Twelve movies open today in the Boston area -- it's the kind of week where Wesley and I fall back exhausted in our corners and get sponged off by the trainers. So where to begin?
The mainstream stuff, I guess, which this week means "The Nanny Diaries." Disappointing, to say the least -- think "The Devil Wears Prada" with Laura Linney instead of Meryl Streep (acceptable), Scarlett Johansson instead of Anne Hathaway (not even close, surprisingly), and no Emily Blunt (fatal). How chicken is this movie? The heroine delivers her big, fiery you-can't-handle-the-truth speech to her employer on a videotape. At least Paul Giamatti delivers a big chunk of nasty as Mr. X.
"Mr. Bean's Holiday," starring Rowan Atkinson (above) as the silent little prat he has played on TV for years, gets a U.S. release months after opening in Europe. Either you love this guy or you wish the earth would swallow him alive. I thoroughly enjoyed the movie -- it ain't art, but it delivers the laughs in an airy, almost graceful fashion -- and, more to the point, my kids adored it. Fans of Willem Dafoe, who plays a meanie film director, may want to avert their eyes.
Some good documentaries are in town: "The King of Kong," about videogamers, and "The 11th Hour" -- more grim news on the global warming front. A portrait of artist "Alice Neel" and "The Cats of Mirikitani" at the Museum of Fine Arts.
On the fictional front, two excellent Hong Kong action flicks arrive at the Brattle: "Election" and "Triad Election," from Johnnie To. Julie Delpy writes, directs, and pairs herself with ex-boyfriend Adam Goldberg in "2 Days in Paris." There's a weird little Latino action-drama called "Illegal Tender," from the writer-director who gave us "Empire" and featuring Wanda DeJesus as a pistol-packin' suburban mutha. A movie about a 1857 Mormon massacre, "September Dawn," is playing in a few North Shore theaters where the distributor apparently hopes you won't see it (fans of Jon Voight in unconvincing facial hair will want to check it out). And Philip Baker Hall and -- so help me God -- the AFLAC duck starring in "Duck."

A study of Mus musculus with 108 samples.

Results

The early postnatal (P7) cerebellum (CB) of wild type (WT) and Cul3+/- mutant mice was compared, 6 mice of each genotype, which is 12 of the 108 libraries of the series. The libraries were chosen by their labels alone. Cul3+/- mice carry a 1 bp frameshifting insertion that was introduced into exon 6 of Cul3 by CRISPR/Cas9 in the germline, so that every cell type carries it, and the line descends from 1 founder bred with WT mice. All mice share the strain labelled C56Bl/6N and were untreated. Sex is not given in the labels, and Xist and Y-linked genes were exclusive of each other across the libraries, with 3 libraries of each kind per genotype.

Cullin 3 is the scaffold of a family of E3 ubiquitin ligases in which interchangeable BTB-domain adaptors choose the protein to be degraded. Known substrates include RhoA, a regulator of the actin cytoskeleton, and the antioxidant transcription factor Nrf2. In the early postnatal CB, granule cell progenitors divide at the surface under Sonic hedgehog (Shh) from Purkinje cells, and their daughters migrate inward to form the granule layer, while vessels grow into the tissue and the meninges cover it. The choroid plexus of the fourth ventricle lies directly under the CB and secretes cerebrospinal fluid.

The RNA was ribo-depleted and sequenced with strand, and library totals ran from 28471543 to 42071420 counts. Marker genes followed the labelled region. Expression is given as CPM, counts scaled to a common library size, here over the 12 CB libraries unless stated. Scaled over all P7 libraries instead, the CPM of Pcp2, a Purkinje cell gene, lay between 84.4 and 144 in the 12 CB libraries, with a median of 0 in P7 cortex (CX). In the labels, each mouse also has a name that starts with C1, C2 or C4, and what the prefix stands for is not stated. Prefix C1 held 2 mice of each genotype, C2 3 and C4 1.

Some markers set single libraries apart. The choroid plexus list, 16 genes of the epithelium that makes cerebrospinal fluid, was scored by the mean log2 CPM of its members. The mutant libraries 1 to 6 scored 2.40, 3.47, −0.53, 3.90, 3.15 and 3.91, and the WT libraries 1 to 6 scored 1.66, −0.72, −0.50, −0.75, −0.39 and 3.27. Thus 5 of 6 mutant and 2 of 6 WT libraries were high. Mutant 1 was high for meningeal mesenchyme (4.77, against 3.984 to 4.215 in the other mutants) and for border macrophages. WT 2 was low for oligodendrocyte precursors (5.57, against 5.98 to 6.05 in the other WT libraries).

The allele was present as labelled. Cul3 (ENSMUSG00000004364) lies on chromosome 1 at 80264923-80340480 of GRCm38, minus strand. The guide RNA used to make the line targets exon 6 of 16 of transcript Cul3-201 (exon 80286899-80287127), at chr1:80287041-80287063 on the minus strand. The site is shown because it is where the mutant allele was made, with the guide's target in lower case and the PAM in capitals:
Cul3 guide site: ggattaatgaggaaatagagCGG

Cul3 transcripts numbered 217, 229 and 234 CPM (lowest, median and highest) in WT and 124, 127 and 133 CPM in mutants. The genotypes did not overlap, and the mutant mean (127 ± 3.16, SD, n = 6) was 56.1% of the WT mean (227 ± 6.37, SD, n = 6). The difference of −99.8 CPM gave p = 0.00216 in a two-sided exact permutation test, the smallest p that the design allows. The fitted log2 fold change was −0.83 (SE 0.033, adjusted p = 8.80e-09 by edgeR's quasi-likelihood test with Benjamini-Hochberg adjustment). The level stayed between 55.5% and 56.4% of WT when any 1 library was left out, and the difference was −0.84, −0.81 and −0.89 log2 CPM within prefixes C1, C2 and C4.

A weird weekend in other words: a last late-August exhale before the post-Labor Day serious season begins. Even the Harvard Film Archive has closed up shop for the duration. Someone there must be French.
About Movie Nation
ContributorsTy Burr is a film critic with The Boston Globe.
Mark Feeney is an arts writer for The Boston Globe.
Janice Page is movies editor for The Boston Globe.
Tom Russo is a regular correspondent for the Movies section and writes a weekly column on DVD releases.
Katie McLeod is Boston.com's features editor.
Rachel Raczka is a producer for Lifestyle and Arts & Entertainment at Boston.com.
Emily Wright is an Arts & Entertainment producer for Boston.com.